Milk. It does a body good right?
Well, it can sometimes not do a body so good when it comes to sleep in little ones. Here’s why.
At 12 months of age, your child’s nutrition should shift from a diet of primarily breast milk or formula, to a diet consisting of solid food, with milk as an accompanying beverage.
However, sometimes kiddos have trouble making that shift and their appetite for milk can become obsessive, even addictive. As young toddlers chug it all day long, their interest wanes for solid food, and they are reluctant to try new food options. All that milk leaves them deceivingly “full,” yet nutritionally deficient, which often presents itself with trouble sleeping through the night.
According to Registered Dietitian and Nutritionist, Jill Roberts, children between the ages of one and two should not exceed 16 ounces (two cups) of milk per day, and children age two and over should aim for two to three servings of dairy per day.
The affinity some children develop for cow’s milk over solid food is another reason why it’s important to take away the bottle sometime between 12 and 15 months of age. At that point, your child should be drinking all beverages from a sippy cup or a straw. The bottle, especially when filled with cow’s milk, can foster a dependency in some children much like the pacifier. Let me tell you the story of one of my recent clients, we’ll call him Sam. Sam was two years old and still primarily drank out of a bottle. He loved cow’s milk and would clamor for it all day long. He was also an extremely picky eater and turned his nose up at unfamiliar foods.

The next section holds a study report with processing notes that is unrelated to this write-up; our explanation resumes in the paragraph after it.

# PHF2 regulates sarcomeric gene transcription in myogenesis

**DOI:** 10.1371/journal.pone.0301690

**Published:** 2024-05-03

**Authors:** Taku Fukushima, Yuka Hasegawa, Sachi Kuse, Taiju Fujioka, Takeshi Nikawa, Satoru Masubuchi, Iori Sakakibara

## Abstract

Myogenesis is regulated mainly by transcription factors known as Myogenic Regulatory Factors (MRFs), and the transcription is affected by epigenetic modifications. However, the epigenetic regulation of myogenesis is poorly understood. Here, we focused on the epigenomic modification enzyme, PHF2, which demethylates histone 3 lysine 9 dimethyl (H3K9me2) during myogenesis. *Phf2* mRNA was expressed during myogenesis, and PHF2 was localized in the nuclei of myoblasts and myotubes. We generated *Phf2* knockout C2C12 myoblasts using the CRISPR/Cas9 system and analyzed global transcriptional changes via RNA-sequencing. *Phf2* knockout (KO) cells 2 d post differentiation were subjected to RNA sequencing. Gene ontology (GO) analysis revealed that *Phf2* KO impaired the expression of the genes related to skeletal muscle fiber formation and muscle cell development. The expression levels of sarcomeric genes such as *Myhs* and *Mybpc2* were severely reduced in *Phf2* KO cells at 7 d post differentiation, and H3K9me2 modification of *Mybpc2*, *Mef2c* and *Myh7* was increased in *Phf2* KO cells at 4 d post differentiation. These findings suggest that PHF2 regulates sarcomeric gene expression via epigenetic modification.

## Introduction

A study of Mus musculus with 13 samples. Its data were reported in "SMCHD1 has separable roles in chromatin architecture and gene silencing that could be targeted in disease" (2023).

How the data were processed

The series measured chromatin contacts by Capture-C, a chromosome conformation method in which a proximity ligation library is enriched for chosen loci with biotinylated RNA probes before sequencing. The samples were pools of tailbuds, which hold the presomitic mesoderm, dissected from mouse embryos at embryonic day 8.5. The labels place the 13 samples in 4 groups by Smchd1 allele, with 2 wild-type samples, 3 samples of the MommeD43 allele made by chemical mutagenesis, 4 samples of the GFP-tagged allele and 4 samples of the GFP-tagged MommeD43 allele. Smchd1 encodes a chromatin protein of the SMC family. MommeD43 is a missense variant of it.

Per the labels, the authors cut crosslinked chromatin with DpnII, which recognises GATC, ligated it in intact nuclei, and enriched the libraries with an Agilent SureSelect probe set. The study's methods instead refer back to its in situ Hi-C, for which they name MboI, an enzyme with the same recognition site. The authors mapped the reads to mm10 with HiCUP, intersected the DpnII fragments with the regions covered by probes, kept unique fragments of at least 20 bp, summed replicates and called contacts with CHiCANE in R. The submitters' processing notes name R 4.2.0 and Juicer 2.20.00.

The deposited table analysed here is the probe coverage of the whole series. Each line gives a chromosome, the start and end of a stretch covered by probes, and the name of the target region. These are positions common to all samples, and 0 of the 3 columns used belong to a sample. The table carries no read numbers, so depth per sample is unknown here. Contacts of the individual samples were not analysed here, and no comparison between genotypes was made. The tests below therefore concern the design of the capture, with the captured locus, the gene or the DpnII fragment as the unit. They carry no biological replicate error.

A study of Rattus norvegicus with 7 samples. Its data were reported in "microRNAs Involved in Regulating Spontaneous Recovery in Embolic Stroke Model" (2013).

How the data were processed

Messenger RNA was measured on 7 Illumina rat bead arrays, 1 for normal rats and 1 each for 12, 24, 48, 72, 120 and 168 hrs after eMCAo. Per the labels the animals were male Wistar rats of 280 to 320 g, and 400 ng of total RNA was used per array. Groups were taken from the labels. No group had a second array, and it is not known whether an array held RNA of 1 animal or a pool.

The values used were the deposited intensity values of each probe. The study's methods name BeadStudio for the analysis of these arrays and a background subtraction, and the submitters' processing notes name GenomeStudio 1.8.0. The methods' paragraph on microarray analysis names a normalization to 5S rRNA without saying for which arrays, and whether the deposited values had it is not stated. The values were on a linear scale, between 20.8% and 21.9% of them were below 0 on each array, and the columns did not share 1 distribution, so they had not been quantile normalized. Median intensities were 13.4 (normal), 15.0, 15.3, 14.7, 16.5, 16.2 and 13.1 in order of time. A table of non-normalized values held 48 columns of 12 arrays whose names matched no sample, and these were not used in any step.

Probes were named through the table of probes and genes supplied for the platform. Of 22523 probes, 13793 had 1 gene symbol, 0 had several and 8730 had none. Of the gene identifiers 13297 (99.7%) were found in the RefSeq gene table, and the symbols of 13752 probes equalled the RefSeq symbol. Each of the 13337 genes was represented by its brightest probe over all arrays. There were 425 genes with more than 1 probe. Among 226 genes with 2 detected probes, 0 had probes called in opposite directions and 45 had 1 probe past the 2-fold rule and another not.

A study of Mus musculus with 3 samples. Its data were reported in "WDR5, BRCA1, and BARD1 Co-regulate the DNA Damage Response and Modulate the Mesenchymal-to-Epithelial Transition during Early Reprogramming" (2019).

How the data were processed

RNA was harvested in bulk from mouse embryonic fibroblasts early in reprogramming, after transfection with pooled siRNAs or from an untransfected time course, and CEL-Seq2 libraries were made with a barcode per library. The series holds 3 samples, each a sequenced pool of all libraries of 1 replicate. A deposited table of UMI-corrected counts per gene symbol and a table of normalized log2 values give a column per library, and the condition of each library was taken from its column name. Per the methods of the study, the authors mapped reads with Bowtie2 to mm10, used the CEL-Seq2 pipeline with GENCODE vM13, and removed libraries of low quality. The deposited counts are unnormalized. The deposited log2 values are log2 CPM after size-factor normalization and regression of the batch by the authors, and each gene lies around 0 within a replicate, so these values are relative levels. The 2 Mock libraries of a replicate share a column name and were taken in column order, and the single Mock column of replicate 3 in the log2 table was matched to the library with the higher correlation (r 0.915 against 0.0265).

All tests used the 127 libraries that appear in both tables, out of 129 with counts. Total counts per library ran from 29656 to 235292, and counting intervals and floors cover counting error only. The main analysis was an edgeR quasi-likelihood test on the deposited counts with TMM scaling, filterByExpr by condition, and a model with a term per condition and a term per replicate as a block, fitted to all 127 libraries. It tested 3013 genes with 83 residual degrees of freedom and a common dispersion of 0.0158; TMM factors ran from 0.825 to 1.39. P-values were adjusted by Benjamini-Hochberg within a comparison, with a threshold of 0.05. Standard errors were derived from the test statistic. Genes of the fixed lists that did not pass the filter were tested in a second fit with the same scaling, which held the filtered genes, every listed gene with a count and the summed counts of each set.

Not wanting their child to starve, Sam’s parents gave in to his milk requests and even let him have his bottle in the crib, because that’s the only way he would fall asleep. Some nights he would stay awake for three hours at a time, and of course would always request more milk, more milk! Sam’s parents often refilled the bottle two or three times at night just to get him to fall back sleep!
When Sam’s mom came to me, the first thing we did was take away the bottle – cold turkey, in front of Sam. Sam was aware that all his bottles were going to his new baby cousin because he didn’t need them anymore.
Next, I suggested Mom remove milk from Sam’s bedtime routine. We didn’t want Sam to continue to associate drinking milk with his ability to fall asleep. Sam could have a maximum of two cups of milk per day, and it had to be in a cup, with a meal.
Once Sam realized his bottle was gone for good, he was not happy. However, he got over it in about two days. And, you won’t believe what happened next.
This little boy who often took hours to fall asleep and woke multiple times in the night wanting more milk, started sleeping through the night! He also started eating more solid food and asking for more of it!
If your child is having challenges with excess milk consumption or picky eating, you'd be surprised at how making a few simple shifts can create surprising results. Take a listen to my interview with Jill Roberts, where she address picky eating and nutrients of concern for both Mom and child.
I help exhausted moms and dads get their babies and toddlers sleeping through the night. If you need help in that department, schedule a free 15-minute consultation to see if we might be a fit to work together.